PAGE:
Gensets – a reliable and flexible power supply

Whether you are at the airport, on a remote island off the Icelandic coast, or standing on a harbor loading platform, chances are you will not be too far from a genset. These generator systems provide electricity for a wide variety of facilities; either as the main power source or as a backup solution. This article describes the general structure of gensets, and some of their many areas of use.

A power generating set with great installation flexibility

The word genset is an abbreviation, meaning “generating set”. The set in question consists of a diesel engine with an electric generator attached to it, a metal frame (often equipped with an integrated diesel tank) and a cooling system. The genset is usually contained in a soundproof casing, often known as a canopy. It can be placed in a boiler room, garage or basement, or as a separate unit – portable or stationary.

Volvo Penta Genset

Standby gensets and prime gensets have similar yet different purposes

Depending on their main purpose, gensets tend to fall into one of two categories: standby or prime. Another term for standby gensets is emergency gensets. They primarily provide backup electricity for already existing power systems in hospitals, tunnels, power plants, radar stations, and even spaceports. The Guiana Space Center in French Guiana uses Volvo Penta gensets in order to provide extra power during satellite launches.

Unlike standby gensets, which operate during exceptional events and circumstances only, prime gensets are set to run for long periods of time or even indefinitely. This is particularly useful in countries where power outages are regular, or in remote areas located outside major power grids.

If a power grid is unable to fully provide an industrial facility or residential area with the electricity it needs during peak hours, gensets can produce the additional power required. This is known as peak-shaving or peak-lopping. The genset monitors the main power supply through a PLC/programmable logic controller. When required, it will start topping up the power to meet the demand, hence “shaving/lopping off” that peak demand.

Gensets Desert

Maintaining rotation speed is crucial for genset efficacy

The engine must maintain its speed, regardless of the load. This in order to keep the electric frequency stable. Otherwise, the genset may not be able to produce and supply electricity as intended. In the event of a sudden and major demand for electric power, such as when a large number of lights or machines are all switched on at once, the engine’s speed will tend to drop as the load increases. The engine’s regulator must then immediately provide more fuel in order for the engine to return to its set speed.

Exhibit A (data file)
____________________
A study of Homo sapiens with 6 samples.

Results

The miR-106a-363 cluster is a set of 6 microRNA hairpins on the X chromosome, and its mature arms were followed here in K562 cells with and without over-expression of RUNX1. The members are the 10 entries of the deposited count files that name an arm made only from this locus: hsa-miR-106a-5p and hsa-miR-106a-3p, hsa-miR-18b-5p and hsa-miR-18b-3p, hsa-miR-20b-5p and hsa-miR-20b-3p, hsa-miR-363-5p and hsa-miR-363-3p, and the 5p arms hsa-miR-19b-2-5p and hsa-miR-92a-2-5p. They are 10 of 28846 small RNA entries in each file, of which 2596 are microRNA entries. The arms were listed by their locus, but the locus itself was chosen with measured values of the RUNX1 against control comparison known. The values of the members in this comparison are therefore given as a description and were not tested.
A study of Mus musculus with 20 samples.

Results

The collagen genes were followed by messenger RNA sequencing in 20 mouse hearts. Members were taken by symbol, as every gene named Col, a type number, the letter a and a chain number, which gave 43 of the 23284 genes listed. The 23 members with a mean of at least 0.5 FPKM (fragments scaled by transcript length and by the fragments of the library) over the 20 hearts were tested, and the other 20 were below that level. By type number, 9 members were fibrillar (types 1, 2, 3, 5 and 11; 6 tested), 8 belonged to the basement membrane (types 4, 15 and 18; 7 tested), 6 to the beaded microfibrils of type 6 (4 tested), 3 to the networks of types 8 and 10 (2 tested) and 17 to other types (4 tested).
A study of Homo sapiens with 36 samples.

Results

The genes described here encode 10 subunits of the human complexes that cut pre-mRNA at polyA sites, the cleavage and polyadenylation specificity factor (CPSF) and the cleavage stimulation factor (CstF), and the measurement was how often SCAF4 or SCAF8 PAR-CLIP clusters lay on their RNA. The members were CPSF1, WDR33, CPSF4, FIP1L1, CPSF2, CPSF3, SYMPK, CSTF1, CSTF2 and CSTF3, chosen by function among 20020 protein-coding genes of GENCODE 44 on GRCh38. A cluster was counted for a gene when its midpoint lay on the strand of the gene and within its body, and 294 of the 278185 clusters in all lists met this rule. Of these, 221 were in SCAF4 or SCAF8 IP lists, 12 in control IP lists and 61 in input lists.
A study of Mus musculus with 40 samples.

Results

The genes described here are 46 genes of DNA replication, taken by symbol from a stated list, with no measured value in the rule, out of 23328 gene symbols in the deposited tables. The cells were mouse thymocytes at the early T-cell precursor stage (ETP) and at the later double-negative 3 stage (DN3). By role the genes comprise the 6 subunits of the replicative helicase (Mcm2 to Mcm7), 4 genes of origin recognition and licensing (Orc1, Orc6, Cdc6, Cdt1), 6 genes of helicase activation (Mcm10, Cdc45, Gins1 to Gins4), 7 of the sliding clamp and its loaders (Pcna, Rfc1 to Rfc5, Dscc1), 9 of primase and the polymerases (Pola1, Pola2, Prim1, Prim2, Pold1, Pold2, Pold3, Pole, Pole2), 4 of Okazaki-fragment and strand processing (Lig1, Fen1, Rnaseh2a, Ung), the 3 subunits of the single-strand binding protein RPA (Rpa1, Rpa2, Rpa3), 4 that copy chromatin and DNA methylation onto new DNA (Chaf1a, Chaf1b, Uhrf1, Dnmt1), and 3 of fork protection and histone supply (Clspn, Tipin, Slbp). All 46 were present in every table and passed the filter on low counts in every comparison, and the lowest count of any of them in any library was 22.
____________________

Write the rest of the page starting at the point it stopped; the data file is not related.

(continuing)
Easy installations and maintenance make for a flexible power system

Gensets are generally easier to install compared to gearboxes, driveshafts and hydraulic drives; all of which require a greater deal of engineering and/or construction upon installation. Because of this, gensets have largely replaced other propulsion systems in many installations, such as in rubber tyred gantry cranes. Electric motors, with electricity from gensets, have largely replaced the cranes’ hydraulic drives.

The generator itself requires very little maintenance, whereas the diesel engine needs to undergo certain standard maintenance procedures (having its oil and filters replaced on a regular basis, for example). The cooling system requires regular inspections and cleaning, not least in dusty and demanding environments.

Gensets Crane

Modifying gensets in the face of changing environmental standards

As emission limits will become stricter in the future – particularly throughout the industrialized world – gensets too will undergo certain changes. Fine-tuning the engine will minimize its emissions. However, the large potential for decreasing emissions lies in developing better aftertreatment systems. This means that catalytic converters and particle filters, along with urea/adblue liquid tanks, will have to be installed along with the gensets. When vaporized, urea/adblue helps to reduce nitrogen oxide levels in exhaust emissions.

These additional components will take up more space than existing canopies currently allow for. Thus, in order to comply with upcoming standards, most canopy models will require redesigning.

New requirements (in Europe in particular) will force original equipment manufacturers to add the components mentioned above to their gensets in order to comply with emission regulations. Still, the market for traditional gensets remains strong, with a steady and growing demand in Africa and Asia, for example.

Volvo Penta offers diesel engines that can easily be applied in most gensets. Our engineers have optimized the capacity of our genset engines to not only drop less steeply when coming under pressure, but also to regain optimal speed as quickly as possible. This is essential for the gensets to supply energy as expected. In addition, growing demands for electricity worldwide will require products and solutions that are efficient and reliable.


Want to know more about gensets, their areas of use and how Volvo Penta works with genset technology and services? Visit our website, stay up to date by reading our Volvo Penta Professional Power Blog and feel free to contact me if you have any questions.